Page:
In a few minutes, I will be heading to Logan airport with my husband and son. Woohoo! We’re off to Swindon, UK, home of literary detective, Thursday Next. We’ll visit a few other places while we’re in England, but Swindon is our primary destination.
Swindon you may ask? Is that even a real place? It is, indeed. It is also the location of the 3rd Fforde Ffiesta. With this trip, we will have made all three.
That’s Fforde as in Jasper, the author of a series of wildly imaginative books that defy definition or genre placement. If you have not heard of him or read his books, I urge you all to do so tout de suite. They are brilliant, and the most fun you will have without leaving your chair (or wherever it is you generally like to read a good book).
Some of the wacky activities we have in store for us this time (taken from the Fforde Ffiesta website):
Hamlet Speed Reading: Fancy yourself as the next David Tennant? Then why not try your hand at our Hamlet Soliloquy Speed Reading Competition.
First Legion of Danvers: Enjoy dressing up in old, grey wigs and black dresses? The 1st Legion of Danvers is just for you.
Grey Angst: Feeling dull and unimaginative? Sounds like the perfect time to create a literary work of genius for this year’s competition.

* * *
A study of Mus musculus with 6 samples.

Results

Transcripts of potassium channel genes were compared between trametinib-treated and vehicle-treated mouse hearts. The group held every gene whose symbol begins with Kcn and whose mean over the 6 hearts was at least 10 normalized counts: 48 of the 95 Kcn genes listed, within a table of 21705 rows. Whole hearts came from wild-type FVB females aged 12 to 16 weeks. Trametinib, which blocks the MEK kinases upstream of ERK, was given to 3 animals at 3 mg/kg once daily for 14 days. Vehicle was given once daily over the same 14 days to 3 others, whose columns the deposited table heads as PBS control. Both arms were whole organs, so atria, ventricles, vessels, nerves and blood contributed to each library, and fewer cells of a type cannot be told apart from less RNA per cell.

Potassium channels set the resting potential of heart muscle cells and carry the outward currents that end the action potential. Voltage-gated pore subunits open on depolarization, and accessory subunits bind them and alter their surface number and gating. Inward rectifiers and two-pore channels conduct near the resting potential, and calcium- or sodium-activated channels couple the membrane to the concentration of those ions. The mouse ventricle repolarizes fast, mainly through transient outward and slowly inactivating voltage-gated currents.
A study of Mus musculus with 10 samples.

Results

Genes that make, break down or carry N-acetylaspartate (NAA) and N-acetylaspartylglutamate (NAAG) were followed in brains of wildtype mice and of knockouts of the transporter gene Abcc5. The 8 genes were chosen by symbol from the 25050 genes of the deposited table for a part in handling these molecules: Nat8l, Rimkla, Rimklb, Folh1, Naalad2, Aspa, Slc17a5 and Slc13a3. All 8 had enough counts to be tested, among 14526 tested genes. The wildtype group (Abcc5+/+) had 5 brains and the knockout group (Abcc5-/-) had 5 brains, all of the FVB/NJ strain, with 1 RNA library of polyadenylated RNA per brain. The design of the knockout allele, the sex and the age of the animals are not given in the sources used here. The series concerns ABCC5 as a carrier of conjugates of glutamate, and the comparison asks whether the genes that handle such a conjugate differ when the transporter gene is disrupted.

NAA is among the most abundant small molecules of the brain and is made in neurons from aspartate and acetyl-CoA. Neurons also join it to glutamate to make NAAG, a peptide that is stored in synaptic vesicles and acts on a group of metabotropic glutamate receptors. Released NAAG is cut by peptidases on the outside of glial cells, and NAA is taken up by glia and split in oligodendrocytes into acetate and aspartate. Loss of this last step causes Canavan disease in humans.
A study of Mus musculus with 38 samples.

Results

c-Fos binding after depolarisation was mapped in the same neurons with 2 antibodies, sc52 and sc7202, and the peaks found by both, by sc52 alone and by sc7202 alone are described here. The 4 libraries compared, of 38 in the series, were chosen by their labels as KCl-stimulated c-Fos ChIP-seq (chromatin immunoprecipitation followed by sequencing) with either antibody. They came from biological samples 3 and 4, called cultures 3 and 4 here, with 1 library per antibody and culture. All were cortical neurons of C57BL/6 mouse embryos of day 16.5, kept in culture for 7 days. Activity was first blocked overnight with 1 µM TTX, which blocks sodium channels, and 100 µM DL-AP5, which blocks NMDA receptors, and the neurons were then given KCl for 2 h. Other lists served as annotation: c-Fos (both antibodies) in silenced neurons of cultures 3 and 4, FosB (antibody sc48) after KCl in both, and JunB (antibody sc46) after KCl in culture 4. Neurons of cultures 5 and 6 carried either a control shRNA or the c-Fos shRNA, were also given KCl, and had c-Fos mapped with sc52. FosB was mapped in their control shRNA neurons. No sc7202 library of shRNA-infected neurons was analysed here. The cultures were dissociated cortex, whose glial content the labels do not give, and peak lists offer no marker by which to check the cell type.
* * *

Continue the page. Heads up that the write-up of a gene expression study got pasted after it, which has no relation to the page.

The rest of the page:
And of course, no Ffiesta would be complete without the return of ffestival favourites such as Name That Fruit!, and Live Audience Participation Shakespeare (Hamlet, Prince of Zombies). And with the gracious backing of our ever-glorious sponsors The Goliath © Corporation (For All You’ll Ever Need™) these events will now be provided in glorious 3-D technicolour!
If you’re not going to be there this week, I’m sorry. We’ll try to have fun without you. To those of you who WILL be there, let me repeat myself – WOOHOO!! See you soon!
The original Ffestival fforganizers.
I am passionate about many things, and when I’m talking about one of those things, I move my hands around. I get loud. When I was a kid, my parents used to tell me I should be an actress. They said this when I was being “overly dramatic,” which I guess I was. A lot.
I love drama. I seek it out everywhere: in fiction, in theater and movies, music. Even historical re-enactments, of which I am fond. Every good story has drama. The vivid, highly emotional, conflicting interests that make it glorious fun to get lost inside the details.
That’s why, when my husband emailed me this photo (which he found at his favorite antique auto/gear head message board — even gear heads get embroiled in drama, which is why someone posted the picture in the first place), I had to use it. It’s so me. If not physically, then spiritually. I offer it here for anyone who might stop by. So, go ahead. Embrace your passion a bit. We could all do worse than to occasionally be a truly, utterly, authentic drama queen.